Town Assessor's Office Becoming More High Tech

The new town assessor is working hard on an online mapping tool that will save time and money for residents and public safety departments.


Christopher Wilcock has only been the Town Assessor since February, and he has already been working diligently on assessments, revaluations and a new online Geographic Information System (GIS) mapping tool.

The Assessor’s Office is responsible for revaluating properties yearly, as well as the once every three years State property certification audit. There are 11,600 parcels in the town, Wilcock said. The office also administers the motor vehicle excise tax and does house inspections and appraisals. Joanne Foley is the Assistant Assessor.

Wakefield resident Wilcock, 32, replaced long-time Assessor Jay Kelley who retired. Wilcock has worked in the field for 11 years, 4 as Assistant Assessor in Salem, MA, then seven years as Assistant Assessor in Weston before coming here.

Growing up in Salem, he said he was interested in computers and construction. It was that interest that helped him land the position as Assistant Assessor there. Describing it as an informal apprentice program, he said he was able to learn the operation and duties of the office. “I literally fell into it,” he explained.

Wilcock is certified with the State Assessors Board and has his appraiser’s license. In addition to his day job, he currently serves on the Wakefield Board of Assessors and the Middlesex Assessors Associate Board, both volunteer positions. 

“My goal here is to provide the highest level of service, while saving time and money, he explained.

He said the GIS mapping tool will be useful for residents, fire, police departments and town offices. Wilcock described the project as his “niche.”

“It will be a joint tax assessors database, with attributes of the town,” he explained. Although some information will be private, potential home buyers will be able to easily access valuations, photos and other details.

Wilcock said they are still testing the site in-house with all the departments, but hopes to have a public site within a couple of months.

Transparancy, he believes, is a better experience for taxpayers, and that also applies to assessments. 

“If a taxpayers is not happy with an assessment, I would start by explaining the assessment process to the property owner and how we come up with the assessed value. I might suggest a  property inspection to verify assessment data. And if they are still not happy with the assessment I would explain the process for appealing the assessment.”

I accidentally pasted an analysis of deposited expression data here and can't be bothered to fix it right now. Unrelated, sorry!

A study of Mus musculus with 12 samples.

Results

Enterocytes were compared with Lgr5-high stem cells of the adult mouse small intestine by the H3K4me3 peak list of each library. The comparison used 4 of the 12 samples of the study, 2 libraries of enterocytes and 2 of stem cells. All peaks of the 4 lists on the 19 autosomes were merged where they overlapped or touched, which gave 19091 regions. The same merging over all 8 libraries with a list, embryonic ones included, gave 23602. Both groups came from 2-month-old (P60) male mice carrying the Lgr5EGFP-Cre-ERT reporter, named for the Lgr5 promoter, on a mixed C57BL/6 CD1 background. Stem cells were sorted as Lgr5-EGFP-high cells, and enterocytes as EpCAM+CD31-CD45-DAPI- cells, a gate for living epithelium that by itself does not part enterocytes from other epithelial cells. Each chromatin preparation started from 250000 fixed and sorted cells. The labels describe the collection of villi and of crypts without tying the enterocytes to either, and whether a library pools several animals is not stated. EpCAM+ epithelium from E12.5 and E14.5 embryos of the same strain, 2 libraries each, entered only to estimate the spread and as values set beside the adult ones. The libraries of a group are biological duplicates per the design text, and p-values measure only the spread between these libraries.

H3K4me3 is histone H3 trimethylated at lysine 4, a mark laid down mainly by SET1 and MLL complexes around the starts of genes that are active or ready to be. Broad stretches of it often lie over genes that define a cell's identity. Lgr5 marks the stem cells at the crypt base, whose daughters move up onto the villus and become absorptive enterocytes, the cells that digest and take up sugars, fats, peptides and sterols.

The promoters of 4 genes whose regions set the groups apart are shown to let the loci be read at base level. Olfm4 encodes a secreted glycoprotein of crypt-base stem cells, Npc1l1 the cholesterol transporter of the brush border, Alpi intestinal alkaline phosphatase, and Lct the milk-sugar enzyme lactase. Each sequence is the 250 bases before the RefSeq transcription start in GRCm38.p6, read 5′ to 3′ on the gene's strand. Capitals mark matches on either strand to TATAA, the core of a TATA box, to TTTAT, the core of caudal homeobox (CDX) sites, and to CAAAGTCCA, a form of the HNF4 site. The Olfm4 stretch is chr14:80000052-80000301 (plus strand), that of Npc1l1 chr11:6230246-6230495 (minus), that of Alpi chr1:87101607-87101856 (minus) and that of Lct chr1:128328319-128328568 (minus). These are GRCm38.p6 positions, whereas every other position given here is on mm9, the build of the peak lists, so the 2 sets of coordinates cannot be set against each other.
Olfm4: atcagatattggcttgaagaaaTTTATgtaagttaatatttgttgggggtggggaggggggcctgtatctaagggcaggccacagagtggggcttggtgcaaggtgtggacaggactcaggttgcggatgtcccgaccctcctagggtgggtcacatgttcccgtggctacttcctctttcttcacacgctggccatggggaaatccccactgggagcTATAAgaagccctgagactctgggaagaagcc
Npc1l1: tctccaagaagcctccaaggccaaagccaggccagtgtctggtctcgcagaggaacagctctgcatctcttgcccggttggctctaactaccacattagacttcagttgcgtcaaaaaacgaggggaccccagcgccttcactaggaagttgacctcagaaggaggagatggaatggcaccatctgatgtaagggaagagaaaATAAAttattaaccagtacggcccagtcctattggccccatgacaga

When on a day off, Wilcock said he enjoys spending time with his wife Catie and his five month old daughter Isabella. He also enjoys fishing, hiking, camping, snowmobiling, downhill skiing and bow hunting.

Wilcock is working toward a business degree, with a minor in technology in a joint program through Umass Lowell and Middlesex Community College.

The Assessor’s Office is located in the Town Hall Annex and is open Monday-Friday,7:30 a.m. to 4:30 p.m. The phone number is 978-640-4330 or check out the website

mike t August 08, 2012 at 01:37 PM
Must be nice to "fall into a town job". Wakefield is really corrupt on their assessments. They went through a town wide walk through reassessment of every property just prior to the economy crash so they could jack up property assessments for an increase in tax revenue. Now houses in Wakefield are way over assessed for the market conditions and selling way below assessed values. Chris, you want to win the hearts of Tewksbury residents. Put some "real world" assessments for current market conditions into effect. People are hurting and house values are down and will stay down for a long time to come. We should not have to pay for value that isn't there. You may also want to suggest Wakefield to do the same.
Tewksbury2001 August 08, 2012 at 03:41 PM
It didn't say he worked in Wakefield. How is your comment relevant?
Steevo August 08, 2012 at 07:38 PM
Well if you take Wakefield as an example then his comment may indeed be relevant. Very. One should compare their own property assessment and percentage of tax pre-crash when home values were at their highest, with the percentage of tax paid now at current property value. Nationwide it's a problem with the home owner getting the shaft.
Tom B August 08, 2012 at 08:02 PM
You did say that he serves on the Wakefield Board of Assessors. So therefore he does in fact work in Wakefield and would be in some way involved with the valuation of properties in that town.
TimW August 09, 2012 at 01:50 PM
Since prop 2 1/2, the assessed value has very little meaning.